Specific guidelines for Group H herbicides

Moderate resistance risk

Resistance to the Group H herbicide mode of action is known for a number of populations of Amaranthus species in the United States, which demonstrates the potential for weeds to develop resistance to this mode of action.  Continuous usage of Group H herbicides in the United States has resulted in resistance in Amaranthus species in a relatively short time.

There are currently no known weeds resistant to Group H herbicides in Australia however, resistance to this mode of action is inevitable given its continued usage

    1. Broadacre cropping: Of particular concern in Australia is the potential for development of Group H resistance in wild radish.  In some areas, because of a lack of alternate herbicide options growers are heavily reliant on Group H herbicides for control of wild radish populations.  It is essential to integrate additional cultural weed control techniques to reduce the seed bank and minimise seed set, thereby decreasing the selection pressure on Group H herbicides.
    2. Fallow: In high summer rainfall areas, weed control in fallow is heavily reliant on herbicides.  Multiple sprays are often required to maintain a clean fallow between winter crops.  Integrated Weed Management principles should be incorporated wherever possible, including cultivation – the double knock technique, grazing and combining more than one mode of action in a single application.To assist in delaying the onset of Group H resistance, rotate and/or tank mix with herbicides from other modes of action.
    3. Rice: Where benzofenap has been applied to rice, a follow-up application of MCPA or bentazone and MCPA  is recommended where appropriate to provide a secondary mode of action.  To reduce the likelihood of resistant weeds developing it is recommended that products containing benzofenap (eg. Taipan®, Viper®) not be used in consecutive rice crops.

Synergistic interactions have been documented for several Group H and Group C herbicide combinations.  Where possible, apply a Group H herbicide in combination with a Group C herbicide to maximise efficacy.   Always use the label rate of herbicide whether or not a single active ingredient (eg. isoxaflutole) or combinations of active ingredients are applied (eg. isoxaflutole + simazine, pyrasulfotole/bromoxynil).

All the above recommendations should be read in conjunction with the Integrated Weed Management (IWM) strategies

CHEMICAL FAMILYACTIVE CONSTITUENT (FIRST REGISTERED TRADE NAME)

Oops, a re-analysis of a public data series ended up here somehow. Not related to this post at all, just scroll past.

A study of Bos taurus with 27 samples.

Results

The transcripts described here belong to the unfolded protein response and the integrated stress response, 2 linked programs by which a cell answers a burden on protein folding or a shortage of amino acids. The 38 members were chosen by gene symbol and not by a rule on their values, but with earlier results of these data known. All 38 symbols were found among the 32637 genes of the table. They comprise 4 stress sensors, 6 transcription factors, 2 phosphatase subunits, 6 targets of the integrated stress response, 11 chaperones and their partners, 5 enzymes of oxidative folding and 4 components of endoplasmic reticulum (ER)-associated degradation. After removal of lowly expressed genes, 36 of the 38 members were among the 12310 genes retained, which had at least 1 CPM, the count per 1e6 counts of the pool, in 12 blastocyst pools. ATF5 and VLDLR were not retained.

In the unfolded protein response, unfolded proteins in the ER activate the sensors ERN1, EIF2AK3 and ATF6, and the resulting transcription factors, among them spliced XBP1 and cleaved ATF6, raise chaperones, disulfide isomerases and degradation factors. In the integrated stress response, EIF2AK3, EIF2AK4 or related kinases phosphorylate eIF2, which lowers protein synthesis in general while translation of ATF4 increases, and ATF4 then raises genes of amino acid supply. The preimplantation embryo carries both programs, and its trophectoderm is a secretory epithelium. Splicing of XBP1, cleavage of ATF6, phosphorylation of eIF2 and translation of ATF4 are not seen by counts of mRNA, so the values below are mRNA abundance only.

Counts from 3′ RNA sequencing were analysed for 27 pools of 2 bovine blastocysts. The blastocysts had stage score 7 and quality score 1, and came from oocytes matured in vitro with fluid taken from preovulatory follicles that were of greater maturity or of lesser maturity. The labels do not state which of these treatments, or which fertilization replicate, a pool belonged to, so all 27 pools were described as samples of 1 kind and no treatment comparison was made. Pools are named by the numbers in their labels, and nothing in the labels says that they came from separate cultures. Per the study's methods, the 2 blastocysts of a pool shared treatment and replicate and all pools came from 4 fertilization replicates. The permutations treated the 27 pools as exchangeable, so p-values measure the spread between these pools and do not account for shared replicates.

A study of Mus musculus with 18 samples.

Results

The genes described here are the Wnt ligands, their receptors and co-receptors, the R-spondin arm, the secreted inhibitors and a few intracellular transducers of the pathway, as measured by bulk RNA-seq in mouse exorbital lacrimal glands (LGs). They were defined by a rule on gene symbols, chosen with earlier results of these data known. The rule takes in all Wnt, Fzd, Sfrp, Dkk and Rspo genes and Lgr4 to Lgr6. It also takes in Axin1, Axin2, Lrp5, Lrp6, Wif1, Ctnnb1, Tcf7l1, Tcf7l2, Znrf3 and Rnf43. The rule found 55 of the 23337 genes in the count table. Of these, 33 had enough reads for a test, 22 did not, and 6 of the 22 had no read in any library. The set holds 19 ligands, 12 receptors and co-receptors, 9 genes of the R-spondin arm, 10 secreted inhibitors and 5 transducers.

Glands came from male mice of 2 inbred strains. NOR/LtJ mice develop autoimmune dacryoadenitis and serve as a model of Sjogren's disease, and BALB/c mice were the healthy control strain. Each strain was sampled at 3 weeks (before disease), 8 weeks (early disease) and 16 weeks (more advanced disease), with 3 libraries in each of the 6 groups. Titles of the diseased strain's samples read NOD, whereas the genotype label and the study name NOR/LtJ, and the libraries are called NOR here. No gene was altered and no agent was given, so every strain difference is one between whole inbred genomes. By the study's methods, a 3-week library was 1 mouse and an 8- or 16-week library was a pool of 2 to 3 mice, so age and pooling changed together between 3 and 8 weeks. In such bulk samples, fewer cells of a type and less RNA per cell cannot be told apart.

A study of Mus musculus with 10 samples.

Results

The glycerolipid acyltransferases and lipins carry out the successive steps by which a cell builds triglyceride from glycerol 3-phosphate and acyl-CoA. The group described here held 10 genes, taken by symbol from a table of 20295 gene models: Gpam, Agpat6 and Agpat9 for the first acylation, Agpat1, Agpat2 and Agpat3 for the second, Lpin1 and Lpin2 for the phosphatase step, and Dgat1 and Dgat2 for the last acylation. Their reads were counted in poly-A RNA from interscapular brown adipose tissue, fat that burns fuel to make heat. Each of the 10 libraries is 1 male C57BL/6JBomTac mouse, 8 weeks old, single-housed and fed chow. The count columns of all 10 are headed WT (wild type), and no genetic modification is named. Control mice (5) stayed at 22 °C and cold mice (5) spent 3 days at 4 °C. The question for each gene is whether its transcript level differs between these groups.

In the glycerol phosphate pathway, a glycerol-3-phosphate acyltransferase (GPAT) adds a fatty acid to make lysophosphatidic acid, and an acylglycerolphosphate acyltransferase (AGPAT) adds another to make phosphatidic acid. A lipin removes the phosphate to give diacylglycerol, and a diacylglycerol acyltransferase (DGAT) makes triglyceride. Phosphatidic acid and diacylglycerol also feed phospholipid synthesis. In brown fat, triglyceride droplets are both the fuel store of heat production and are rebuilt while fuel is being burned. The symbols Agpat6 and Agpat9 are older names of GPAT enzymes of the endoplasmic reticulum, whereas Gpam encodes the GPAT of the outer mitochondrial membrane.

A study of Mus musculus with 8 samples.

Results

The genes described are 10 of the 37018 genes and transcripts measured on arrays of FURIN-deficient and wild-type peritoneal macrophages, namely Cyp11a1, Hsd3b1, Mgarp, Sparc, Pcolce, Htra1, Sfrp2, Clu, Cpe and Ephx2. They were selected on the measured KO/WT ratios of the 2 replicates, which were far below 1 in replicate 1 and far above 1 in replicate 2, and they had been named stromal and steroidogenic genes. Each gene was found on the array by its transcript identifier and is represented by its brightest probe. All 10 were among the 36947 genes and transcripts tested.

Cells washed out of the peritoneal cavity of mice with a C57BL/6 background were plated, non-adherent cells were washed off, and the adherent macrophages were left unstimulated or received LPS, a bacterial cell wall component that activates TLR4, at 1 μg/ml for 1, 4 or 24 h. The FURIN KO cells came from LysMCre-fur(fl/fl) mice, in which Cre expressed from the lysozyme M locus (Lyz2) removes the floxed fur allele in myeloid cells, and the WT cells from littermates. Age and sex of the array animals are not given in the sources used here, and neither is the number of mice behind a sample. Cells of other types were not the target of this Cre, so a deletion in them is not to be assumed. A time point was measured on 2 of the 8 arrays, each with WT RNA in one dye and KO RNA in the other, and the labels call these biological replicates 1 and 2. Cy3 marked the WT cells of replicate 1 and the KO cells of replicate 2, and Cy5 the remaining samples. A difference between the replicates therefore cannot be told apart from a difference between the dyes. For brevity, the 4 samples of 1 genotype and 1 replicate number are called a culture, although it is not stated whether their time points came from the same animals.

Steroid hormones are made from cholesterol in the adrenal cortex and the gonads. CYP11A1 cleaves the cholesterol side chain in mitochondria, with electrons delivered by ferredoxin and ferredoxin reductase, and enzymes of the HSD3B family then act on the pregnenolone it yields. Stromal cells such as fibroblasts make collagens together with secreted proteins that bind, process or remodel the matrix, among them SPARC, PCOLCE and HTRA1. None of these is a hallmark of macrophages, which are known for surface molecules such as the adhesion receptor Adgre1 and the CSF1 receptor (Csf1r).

GROUP HBleachers: Inhibitors of 4-hydroxyphenyl-pyruvate dioxygenase (HPPDs)
Isoxazoles:isoxaflutole (Balance®, Palmero TX®*)
Pyrazoles: benzofenap (Taipan ®), pyrasulfotole (Precept®*,Velocity®*)
TriketoneBicyclopyrone (Talinor®*)

* This product contains more than one active constituent

List of chemical families, approved active constituents and, in parenthesis, the trade name of the first registered product or successor.  Refer to the APVMA website (www.apvma.gov.au) to obtain a complete list of registered products from the PUBCRIS database. 


URL: https://croplife.org.au/resources/programs/resistance-management/2018-specific-guidelines-for-group-h-herbicides/
Content last updated: June 22, 2018

CropLife Australia’s Resistance Management Strategies provide a guide for crop protection product rotation through product groups. The strategies are a useful tool that supports farmers’ adoption of resistance management. All crop protection products must be handled and applied strictly as specified on the product label or APVMA permits.

These Resistance Management Strategies do not replace product labels. They are a guide only and do not endorse particular products, groups of products or cultural methods in terms of their performance. It is important to check with the Australian regulator’s (APVMA) product database for contemporary information on products and active constituents. The database can be sourced through www.apvma.gov.au

The information given in this strategy is provided in good faith and without any liability for loss or damage suffered as a result of its application and use. Advice given in this strategy is valid as at 22 June 2018. All previous versions of this strategy are now invalid.